We all have failed.
And here’s the story of one of my business failures that then turned into a small success…
I created a website back in 2005 called the “True Raffles.” It was an website that showcased raffles across the country for a fee. The non-profit, or church, or whomever would pay us $50 for listing their car raffles, house raffles, or whatever.
I had spent money on the logo, made business cards, and did all of the typical bullshit I thought I had to do to “be in business.”
I had spent $4,000 on a website and waited four months...
I sent emails, made phone calls, did everything I could to drum up business and after one year, one thing was obvious… it was a dog.
I made a whopping $400 that year!
So after feeling like a loser and falling flat on my face, I picked my pride back up off the floor and I came up with a better idea.
I thought “Heck, let me just teach people how to create and launch a raffle and sell that.”
So I spent a few weeks writing the ebook, interviewing experts in the field, creating the website, then… I threw it up for sale.
And the first week, I made $500 in sales.
I made more in one week than I did all year. Eureka! (Actually, it was more like “Son-of-a-*****! What took me so long!?”)
That simple “failure” went on the make me an extra (and automated) $18,000 per year. I later sold it for a nice profit.
This so-called “failure” taught me a few secrets to success...
Secret 1: You’ve Got To Live & Learn
(Had to throw that in there. If you’re an 80's kid, you’ll know the song.)
So how many times have you failed?
Me? At least 25 times… in many things.
I sucked at soccer, got whooped up in football, but kicked some serious ass in wrestling.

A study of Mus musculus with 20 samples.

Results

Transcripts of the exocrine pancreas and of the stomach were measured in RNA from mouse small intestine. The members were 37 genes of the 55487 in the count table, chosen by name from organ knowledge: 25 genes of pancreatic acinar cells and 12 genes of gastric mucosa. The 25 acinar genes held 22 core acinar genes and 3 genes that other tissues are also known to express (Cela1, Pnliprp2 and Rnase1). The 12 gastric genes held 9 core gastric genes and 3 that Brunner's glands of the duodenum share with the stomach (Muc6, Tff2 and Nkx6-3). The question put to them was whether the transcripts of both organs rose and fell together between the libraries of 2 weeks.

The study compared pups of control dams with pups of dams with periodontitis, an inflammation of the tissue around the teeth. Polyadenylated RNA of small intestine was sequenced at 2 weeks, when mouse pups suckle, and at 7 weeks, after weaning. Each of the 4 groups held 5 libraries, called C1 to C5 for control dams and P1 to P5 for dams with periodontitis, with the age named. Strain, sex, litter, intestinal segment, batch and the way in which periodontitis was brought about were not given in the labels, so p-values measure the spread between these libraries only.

I found the passion and stuck to it.
I learned, studied, practiced like a mad man, and actively went out of my way to camps, trainings, and open tournaments to prepare myself for next years matches.
This in the “trenches” learning and diligence paid off really well.
But get this…
The summer before I went on to dominate my senior year I lost 14 matches in a row doing Greco Roman off-season tournaments. I got my ass handed to me.
I tried changing my strategy, yet still couldn’t win a match. Now this is coming from someone who only lost 8 matches the previous season to 14 in a row.
What did I do?
I practiced harder and made it to the State Championships later that year.
Secret 2: Drop the Dud’s
Ever create a product, website, or piece of software that just never really took off? I’ve created plenty, but after months of “trying” to get them to work, I learned to drop the dud’s quickly and move on.
Not just because it wasn’t working out, but because many of the ideas I had were only for small scale businesses. Small niches that had no growth potential.
If you’re going to spend a great deal of time in and on your business, you’ll want to choose a market that can support a big business.
Small niche’s can be dominated and taken over completely with a few simple strategies, but may not be worth it for the long haul 100% of your time and energy.
Having 100% market share in a $1,000 per year market isn’t a success.
Kill it and move on.
Secret 3: Fail Fast
One of the biggest lessons I learned in marketing and just business in general is the notion of “failing fast.”
Create it, launch it, learn from it, and fail fast.
The first design or prototype you put out will always be the worst it will ever be. Version 1 is going to suck, version 2 is going to be much much better, and version 3 will be 3x more better than the first.
But without first putting it out there, you’ll never know.
So fail fast, learn from your users, and use survey’s to gather feedback of their experiences with your product or service.
Fail fast and move on to your next million dollar idea… :)
It’s there for the taking.
The Single Biggest Reason Why Most Startups Will Launch To Crickets
Hi. I’m Chris Brisson and the co-founder of Call Loop and KickaConference. I failed English class 3 times, not because I’m an idiot, it’s because I didn’t do the work. The FSU parties were more important at the time. I stopped writing in 2011 and started picking it up again. This article is the first of many. If I can write — anyone can. I’m also on the Twitter.